AOSSM: Femoral Acetabular Impingement Tied to HerniaLast Updated: July 13, 2012. Having a femoral acetabular impingement seems to be a contributory factor to sports hernias, according to a study presented at the annual meeting of the American Orthopaedic Society for Sports Medicine, held from July 12 to 15 in Baltimore.
FRIDAY, July 13 (HealthDay News) -- Having a femoral acetabular impingement (FAI) seems to be a contributory factor to sports hernias, according to a study presented at the annual meeting of the American Orthopaedic Society for Sports Medicine, held from July 12 to 15 in Baltimore.
Kostas Economopoulos, M.D., from the University of Virginia in Charlottesville, and colleagues retrospectively reviewed magnetic resonance images, computed tomography scans, and plain X-rays of 43 patients with sports hernias who underwent 56 surgical repairs, from 1999 to 2011, to examine the prevalence of radiologic signs of FAI.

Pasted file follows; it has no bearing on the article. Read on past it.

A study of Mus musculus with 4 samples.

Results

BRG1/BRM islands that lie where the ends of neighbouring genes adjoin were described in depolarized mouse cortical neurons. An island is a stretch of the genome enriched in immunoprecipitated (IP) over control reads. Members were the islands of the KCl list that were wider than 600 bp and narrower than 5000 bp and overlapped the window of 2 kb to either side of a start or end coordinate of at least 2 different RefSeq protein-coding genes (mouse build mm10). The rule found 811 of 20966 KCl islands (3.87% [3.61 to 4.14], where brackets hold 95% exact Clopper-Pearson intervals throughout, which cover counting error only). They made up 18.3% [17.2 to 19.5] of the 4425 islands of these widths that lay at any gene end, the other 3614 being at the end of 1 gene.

In 86 percent of patients the researchers identified radiologic evidence of FAI in at least one hip. Of these patients, 67 percent had isolated Cam lesions, 5 percent had isolated Pincer lesions, and 14 percent had combined Cam and Pincer lesions. The average alpha-angle of hips was 75 degrees on the side of the hernia and 61 degrees on the side without a hernia. Pincer lesions were found in 16.1 and 7.1 percent of hips with and without associated hernias, respectively. The average acetabular retroversion was 13 degrees in hips with associated hernias and 16 degrees in hips without hernias.
"We hope that our study encourages physicians who see sports hernia and chronic groin pain in athletes to further investigate the possibility of FAI and in turn can recommend better treatment options for this puzzling condition," Economopoulos said in a statement.